It can be a scary thought going to an Olympic Lifting competition. It may be your first, it may be your fiftieth, but still chances are you've got some nerves and questions about competing.
In a recent article, we published a guide to understanding children's competitions. This article is aimed at competitions and their process in general.
Most UK competitions can be found on the British Weight Lifting website. To see all their up and coming competitions click here.
Please note: to enter most British Weight Lifting (BWL) competitions you need to be a member of BWL.
Key Competition Rules:
- You must complete at least one successful Snatch and one successful Clean & Jerk to post a total and remain "in the competition".
- The start of weigh in will be at least two hours before you lift and usually lasts for one hour.
- For every lift (unless you follow yourself) you will be given one minute to execute the attempt.
- Most UK competitions use a rising bar system. This means weight will be added to the bar from the lowest to the highest weight and when your attempt is on the bar, you will be called up to lift by the official.
What To Do & When
Start of the day - Arrive early. Make sure you have plenty of time before your weigh in to avoid unnecessary stress.
Make sure you understand when and where you're lifting. If you are not sure about either of those by the time you weigh in, ask an official for info.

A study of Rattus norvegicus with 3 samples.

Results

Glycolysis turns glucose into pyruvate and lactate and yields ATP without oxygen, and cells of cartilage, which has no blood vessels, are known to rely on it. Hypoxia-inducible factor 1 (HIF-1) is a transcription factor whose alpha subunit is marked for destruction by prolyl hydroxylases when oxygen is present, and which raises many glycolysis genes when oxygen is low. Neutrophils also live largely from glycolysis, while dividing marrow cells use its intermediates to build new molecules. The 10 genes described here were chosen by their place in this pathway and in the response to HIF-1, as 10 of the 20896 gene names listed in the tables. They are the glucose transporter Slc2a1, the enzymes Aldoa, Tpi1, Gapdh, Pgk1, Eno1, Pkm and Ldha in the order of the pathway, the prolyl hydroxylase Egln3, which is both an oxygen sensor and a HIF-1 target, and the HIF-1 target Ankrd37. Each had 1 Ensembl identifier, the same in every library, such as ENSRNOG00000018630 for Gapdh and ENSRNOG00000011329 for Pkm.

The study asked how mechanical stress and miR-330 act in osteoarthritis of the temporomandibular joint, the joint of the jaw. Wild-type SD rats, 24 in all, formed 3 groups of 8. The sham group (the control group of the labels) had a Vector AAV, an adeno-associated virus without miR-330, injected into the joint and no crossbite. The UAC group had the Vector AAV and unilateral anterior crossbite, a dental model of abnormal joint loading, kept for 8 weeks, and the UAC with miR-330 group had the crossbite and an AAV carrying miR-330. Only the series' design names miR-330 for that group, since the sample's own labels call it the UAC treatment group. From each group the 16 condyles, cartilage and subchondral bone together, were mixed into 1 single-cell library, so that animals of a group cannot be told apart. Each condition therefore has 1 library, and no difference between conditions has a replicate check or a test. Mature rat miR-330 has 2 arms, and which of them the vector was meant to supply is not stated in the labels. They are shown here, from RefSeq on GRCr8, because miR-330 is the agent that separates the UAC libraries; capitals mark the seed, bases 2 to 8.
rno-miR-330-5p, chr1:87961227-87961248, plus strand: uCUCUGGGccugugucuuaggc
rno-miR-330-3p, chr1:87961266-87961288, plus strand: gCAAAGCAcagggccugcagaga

The warm up - Arrive at the warmup room at least 30 minutes before the start of your group (or more if you require a longer warm up). This will ensure you can choose the best platform and you have plenty of time to warm up properly and safely.
Lifting on the platform - You will have three Snatches followed by, usually, a short 10 minute break, and then three Clean & Jerks. The best total wins. And, remember to enjoy your lifting!
Post competition - Relax!
How You Win
Within your bodyweight group, if you post the highest total (your best Snatch and best Clean & Jerk combined), you will win.
If two or more people have the same winning total, it's the lifter who successfully lifted the weight first that wins - this is down to what your previous weight taken was and your lot number given at the start of the competition.
They used to do 'lightest bodyweight wins', however this was changed at the beginning of 2017.
The Key "No Lifts" To Watch Out For
Here are a few key factors to watch out for that a referee will fail your attempt for:
- An elbow-knee touch on the Clean.
- Pausing during extension on the arms; this is known as a press out.
- Pausing in the hang position.
- Not waiting for the referees' signal to place the bar down once you've finished your lift.
- Any part of your body, other than your feet, touching the floor.
Two Key Pieces Of Advice
1) Remember to enjoy your lifting.
2) To combat any nerves, read the best way to mentally prepare for a competition.